Trying to take a stand against information overload

Have you wondered why I began my regular ‘what I’ve been reading this week’ slot on my blog? Have you wondered why I rarely retweet and share other people’s stuff on Twitter these days?

It’s because the bottomless content feeds we’ve allowed to take up so much room in our lives are awash with stuff none of us really cares about, but we’re forced to scroll past it in order to see the few things we do care about.

It’s because using Twitter sometimes feels a bit like having your eyelids pinned open while all the causes, concerns and misfortunes of the entire world are poured in an unceasing torrent directly into your brain.

It’s because concentration is a precious, finite thing and we’re all frittering it away on trivia.

It’s because the first thing I do when I follow someone new on Twitter (which is rarely) is to click ‘turn off retweets’, because heavy Twitter users retweet so much that I find the sheer quantity of it overwhelming.

It’s because I don’t want to inflict this on other people who may struggle, as I struggle, with this near-unbearable deluge. You may not care about the things I care about, but if you do want to read the links I’d otherwise post on Twitter, all you have to do is sign up to my newsletter, visit my blog, or subscribe to my RSS feed. That way I don’t clutter up your Twitter feed, and you get to consider my links in a calm space optimised for reading (this website) instead of the frenetic, anxiety-inducing, ad-ridden hellscape that we all seem to be trapped in.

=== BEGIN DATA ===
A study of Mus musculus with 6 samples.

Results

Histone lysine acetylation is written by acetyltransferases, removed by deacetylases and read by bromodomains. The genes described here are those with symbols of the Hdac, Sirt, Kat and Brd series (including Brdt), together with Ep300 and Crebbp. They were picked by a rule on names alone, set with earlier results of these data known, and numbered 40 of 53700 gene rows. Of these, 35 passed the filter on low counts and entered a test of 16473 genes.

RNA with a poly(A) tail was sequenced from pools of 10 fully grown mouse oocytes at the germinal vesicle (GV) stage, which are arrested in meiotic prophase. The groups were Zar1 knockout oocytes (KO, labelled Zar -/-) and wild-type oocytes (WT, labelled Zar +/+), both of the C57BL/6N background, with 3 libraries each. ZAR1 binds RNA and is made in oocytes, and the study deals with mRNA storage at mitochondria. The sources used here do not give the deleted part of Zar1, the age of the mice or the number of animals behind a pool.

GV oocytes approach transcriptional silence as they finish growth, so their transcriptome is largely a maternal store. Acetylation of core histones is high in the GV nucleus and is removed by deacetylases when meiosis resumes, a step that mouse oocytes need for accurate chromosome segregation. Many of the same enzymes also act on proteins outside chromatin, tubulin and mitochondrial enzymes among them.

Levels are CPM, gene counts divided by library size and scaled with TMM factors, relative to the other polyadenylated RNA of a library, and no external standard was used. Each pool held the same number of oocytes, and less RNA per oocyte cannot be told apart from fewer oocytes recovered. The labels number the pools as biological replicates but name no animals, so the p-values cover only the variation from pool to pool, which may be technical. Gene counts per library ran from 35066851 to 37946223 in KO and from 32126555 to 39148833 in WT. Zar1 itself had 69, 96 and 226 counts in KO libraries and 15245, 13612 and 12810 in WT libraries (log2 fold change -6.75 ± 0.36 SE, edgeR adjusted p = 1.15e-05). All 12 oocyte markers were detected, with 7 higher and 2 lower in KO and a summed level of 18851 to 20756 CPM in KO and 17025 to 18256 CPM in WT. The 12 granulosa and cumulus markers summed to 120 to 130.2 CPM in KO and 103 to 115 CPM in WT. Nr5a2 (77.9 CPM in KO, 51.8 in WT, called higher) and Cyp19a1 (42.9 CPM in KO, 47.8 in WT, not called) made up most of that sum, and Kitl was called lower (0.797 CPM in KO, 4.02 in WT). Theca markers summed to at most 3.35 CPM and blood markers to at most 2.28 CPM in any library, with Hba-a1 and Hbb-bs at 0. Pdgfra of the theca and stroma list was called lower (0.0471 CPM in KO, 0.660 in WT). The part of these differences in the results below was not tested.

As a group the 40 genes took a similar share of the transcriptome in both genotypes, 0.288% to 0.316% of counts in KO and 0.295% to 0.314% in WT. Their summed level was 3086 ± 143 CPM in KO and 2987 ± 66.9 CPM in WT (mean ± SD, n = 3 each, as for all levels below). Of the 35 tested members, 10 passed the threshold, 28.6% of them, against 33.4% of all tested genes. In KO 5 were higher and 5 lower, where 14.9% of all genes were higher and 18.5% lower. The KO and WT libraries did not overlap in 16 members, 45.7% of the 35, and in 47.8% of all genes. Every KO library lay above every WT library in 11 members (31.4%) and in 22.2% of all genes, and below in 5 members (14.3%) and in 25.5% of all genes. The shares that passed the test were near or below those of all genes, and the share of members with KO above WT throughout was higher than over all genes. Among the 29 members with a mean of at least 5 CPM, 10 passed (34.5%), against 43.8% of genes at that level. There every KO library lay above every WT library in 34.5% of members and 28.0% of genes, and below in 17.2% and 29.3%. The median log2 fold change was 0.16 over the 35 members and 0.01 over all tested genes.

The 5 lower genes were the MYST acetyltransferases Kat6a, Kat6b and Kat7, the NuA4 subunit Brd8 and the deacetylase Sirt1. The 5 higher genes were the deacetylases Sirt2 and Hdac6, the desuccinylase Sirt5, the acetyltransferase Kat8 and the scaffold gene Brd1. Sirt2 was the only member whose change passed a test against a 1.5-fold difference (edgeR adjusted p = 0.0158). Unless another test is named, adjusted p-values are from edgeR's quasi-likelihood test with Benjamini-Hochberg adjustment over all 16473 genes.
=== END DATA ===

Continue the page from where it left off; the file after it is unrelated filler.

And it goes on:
‘Zig when others zag,’ they say. Right now, everyone seems to be losing their minds over chasing ‘social media success’, whatever that means, or just paddling furiously to stay afloat above the never-ending tide of information overload. Trying to be successful on social media looks like a certain recipe for burnout and nervous breakdown from where I’m standing, so instead I’m focusing efforts on this blog and my newsletter – places that I control and that respect my readers’ attention.

I still tweet links directly related to me, or content I’ve published, because if you follow me on Twitter you presumably want to read my stuff. But I don’t feel comfortable presuming you also want every little thing I find interesting thrust to the forefront of your attention. I think social media would be a better place if more people thought for a moment before tweeting or retweeting.

An overloaded planet leads to an overloaded mind. It leads to late nights and light sleep. It leads to worrying about unanswered emails at three in the morning. In extreme cases, it leads to panic attacks in the cereal aisle.

—Matt Haig, Notes on a Nervous Planet

By Alex Roddie

Award-winning outdoor and nature writer, editor, author, and photographer.